This photo was taken well after sundown. The light on the ridgeline is reflected from snow off the Olympic Mountains, bouncing back into the sky and reflected again off the clouds. It looks as if it could be from city lights, but there is no city in this direction, just mountains for a hundred miles or so.
The photo is also an excellent demonstration of the low-light capabilities of the iPhone X. The human eye can distinguish many subtle variations in light and color, and cameras are not yet even close to such sophistication. But they are making astonishing strides, especially when backed up with the computer power of a sophisticated phone.
Some of the most important questions ever posed by humanity involve religion, spirituality, faith and belief. Most people, in every culture, profess to some spirituality, though things get more complicated when it comes to religion. Religion is related to spirituality, and faith, and belief, but you can be spiritual, and have faith, and belief without belonging to a religion.
So what, exactly, is a religious requirement? Apparently there are four of them, at least according to a mail order ministerial ordination company. From the questions, it is clear the company is of the (sort of) Christian variety. Here are the four requirements for being ordained a minister:
Swear a belief in one true God.
Accept Jesus Christ as the savior.
Confess you sin, and ask for forgiveness. (And if you haven’t confessed yet, the form, below, encourages you to do so as part of the application process.)
Pay $139.00. Note that you can “add $25 for optional wallet ID card.”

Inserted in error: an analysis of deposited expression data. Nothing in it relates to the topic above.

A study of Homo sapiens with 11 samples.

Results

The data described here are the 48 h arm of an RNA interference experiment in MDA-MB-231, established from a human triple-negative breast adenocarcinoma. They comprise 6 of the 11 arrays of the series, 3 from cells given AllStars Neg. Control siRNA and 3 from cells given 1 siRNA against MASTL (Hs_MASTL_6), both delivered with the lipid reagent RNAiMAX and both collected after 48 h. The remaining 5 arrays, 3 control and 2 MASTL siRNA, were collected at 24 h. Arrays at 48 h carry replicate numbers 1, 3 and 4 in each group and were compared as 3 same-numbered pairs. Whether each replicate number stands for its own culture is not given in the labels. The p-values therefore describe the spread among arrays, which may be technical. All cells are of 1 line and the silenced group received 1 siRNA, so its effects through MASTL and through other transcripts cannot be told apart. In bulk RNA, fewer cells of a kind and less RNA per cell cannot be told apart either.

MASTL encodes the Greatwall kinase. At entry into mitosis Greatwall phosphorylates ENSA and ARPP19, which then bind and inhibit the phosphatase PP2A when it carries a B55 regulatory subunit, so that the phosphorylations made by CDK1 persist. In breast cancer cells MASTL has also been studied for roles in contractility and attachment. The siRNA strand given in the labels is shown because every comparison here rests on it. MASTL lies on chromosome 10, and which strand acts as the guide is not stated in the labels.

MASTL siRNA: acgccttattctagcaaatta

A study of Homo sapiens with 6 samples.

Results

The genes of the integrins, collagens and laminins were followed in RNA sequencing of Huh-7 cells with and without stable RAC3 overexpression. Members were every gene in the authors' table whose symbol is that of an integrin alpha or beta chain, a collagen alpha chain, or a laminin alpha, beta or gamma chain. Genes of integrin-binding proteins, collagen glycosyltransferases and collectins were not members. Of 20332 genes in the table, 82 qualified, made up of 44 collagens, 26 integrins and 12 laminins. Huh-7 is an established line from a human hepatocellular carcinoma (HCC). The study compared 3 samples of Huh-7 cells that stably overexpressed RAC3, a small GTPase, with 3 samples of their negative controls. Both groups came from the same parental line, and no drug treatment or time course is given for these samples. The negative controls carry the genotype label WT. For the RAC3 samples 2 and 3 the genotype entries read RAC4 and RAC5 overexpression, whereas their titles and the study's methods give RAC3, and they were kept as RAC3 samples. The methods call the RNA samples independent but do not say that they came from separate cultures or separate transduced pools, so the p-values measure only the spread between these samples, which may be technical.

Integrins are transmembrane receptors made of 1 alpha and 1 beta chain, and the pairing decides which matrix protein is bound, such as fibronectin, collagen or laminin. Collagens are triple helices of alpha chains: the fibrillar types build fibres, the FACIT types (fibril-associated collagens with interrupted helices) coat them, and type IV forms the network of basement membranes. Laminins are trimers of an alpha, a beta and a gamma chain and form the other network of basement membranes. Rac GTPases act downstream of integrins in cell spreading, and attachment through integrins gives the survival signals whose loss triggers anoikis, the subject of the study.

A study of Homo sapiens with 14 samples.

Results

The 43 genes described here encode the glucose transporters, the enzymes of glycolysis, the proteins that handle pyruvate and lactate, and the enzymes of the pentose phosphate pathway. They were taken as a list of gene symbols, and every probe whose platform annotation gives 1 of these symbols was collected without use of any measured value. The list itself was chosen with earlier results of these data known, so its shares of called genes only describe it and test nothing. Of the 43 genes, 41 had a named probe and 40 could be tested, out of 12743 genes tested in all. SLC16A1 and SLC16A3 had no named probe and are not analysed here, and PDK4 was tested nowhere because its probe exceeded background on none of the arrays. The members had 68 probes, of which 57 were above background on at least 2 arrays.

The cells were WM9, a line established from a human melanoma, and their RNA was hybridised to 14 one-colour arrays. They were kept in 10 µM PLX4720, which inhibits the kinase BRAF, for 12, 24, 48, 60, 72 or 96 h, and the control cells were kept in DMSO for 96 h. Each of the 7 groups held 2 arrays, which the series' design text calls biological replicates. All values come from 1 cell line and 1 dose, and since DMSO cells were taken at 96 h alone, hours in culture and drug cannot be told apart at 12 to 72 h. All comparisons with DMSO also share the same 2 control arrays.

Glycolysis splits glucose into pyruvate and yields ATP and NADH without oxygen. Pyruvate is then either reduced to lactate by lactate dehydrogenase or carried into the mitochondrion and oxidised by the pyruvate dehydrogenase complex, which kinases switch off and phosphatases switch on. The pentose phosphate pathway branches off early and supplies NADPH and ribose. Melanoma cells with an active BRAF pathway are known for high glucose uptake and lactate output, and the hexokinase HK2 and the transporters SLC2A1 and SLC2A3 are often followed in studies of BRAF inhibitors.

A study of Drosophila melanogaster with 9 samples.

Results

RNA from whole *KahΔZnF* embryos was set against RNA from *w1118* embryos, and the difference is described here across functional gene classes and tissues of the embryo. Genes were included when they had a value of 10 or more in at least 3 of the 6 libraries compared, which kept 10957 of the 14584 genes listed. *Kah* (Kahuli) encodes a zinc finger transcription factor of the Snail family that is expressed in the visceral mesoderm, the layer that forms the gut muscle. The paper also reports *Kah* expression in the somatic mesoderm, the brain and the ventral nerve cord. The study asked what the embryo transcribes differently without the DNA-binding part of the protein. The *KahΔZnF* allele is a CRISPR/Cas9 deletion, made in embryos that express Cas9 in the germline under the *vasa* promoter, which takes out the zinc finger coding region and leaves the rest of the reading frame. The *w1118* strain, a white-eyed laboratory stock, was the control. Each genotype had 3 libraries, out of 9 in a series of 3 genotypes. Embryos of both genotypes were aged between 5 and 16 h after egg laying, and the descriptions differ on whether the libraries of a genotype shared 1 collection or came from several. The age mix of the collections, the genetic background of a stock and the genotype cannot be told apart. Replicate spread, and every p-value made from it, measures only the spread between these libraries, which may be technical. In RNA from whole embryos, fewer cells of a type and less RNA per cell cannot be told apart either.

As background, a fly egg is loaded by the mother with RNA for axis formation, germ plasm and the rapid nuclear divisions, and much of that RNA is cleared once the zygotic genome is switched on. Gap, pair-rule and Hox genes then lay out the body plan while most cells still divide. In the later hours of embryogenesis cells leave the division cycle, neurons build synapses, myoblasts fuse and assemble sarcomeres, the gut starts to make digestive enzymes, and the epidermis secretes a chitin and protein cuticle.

The form is reproduced below, only with the address and other identifying information blotted out. Some have spent their life working for ordination. Others pay $139. Or optionally $164.
Kathleen packed tea and a banana in my briefcase this morning. I’m at work, eating the banana, drinking tea, waiting for a security scan of a website to finish, wondering how I will coordinate fixing what I find, when there is a thump at the window.
I have two windows, and I’m 190 feet above the street. Thumps are odd, so I turn around and —
There is a large, ruffled, and agitated turkey vulture struggling to perch on the ledge outside the window. It is a granite ledge, six inches wide. It isn’t designed for perching, except maybe the occasional pigeon or sparrow, and a turkey vulture doesn’t really fit.
I start to get up from my desk for a closer look and — the turkey vulture falls backward off the ledge. Not without a lot of fuss and feathers, but still a fall.
Then I notice a peregrine falcon, lazily spiraling through the neighborhood, make a very sharp turn and — dive.
Because of the angle, I can’t see what happened next, but it had to have been spectacular. While a peregrine is far too small to attack a turkey vulture in a fair fight, a turkey vulture is no match in aerial combat, especially when it is desperately and awkwardly preoccupied with avoiding a fall.
My banana, having suffered from too much excitement, broke in half and fell to the floor.
Yes, this excessively long message is to tell you my banana committed seppuku.
Security updates for Windows are starting to sound more like romance novels.
This week’s offerings:
MS17-010: Security Update for Microsoft Windows SMB Server:(4013389)
I’m speculating this series is about two immortal system administrators who are sad (blue), become champions of the downtrodden network users in the second volume, and find one another and have a budding romance in the third. In the fourth novel, after a constant tease in the first three, the two engage in some intimacy, then experience great regrets in the next novel, and find their romance on the rocks in the last.
It could be more interesting than the “Twilight” series. While the Twilight series took place in Forks, Washington, the Eternal Blue series takes place in Redmond, Washington, which has fewer trees but far more computers and smart phones.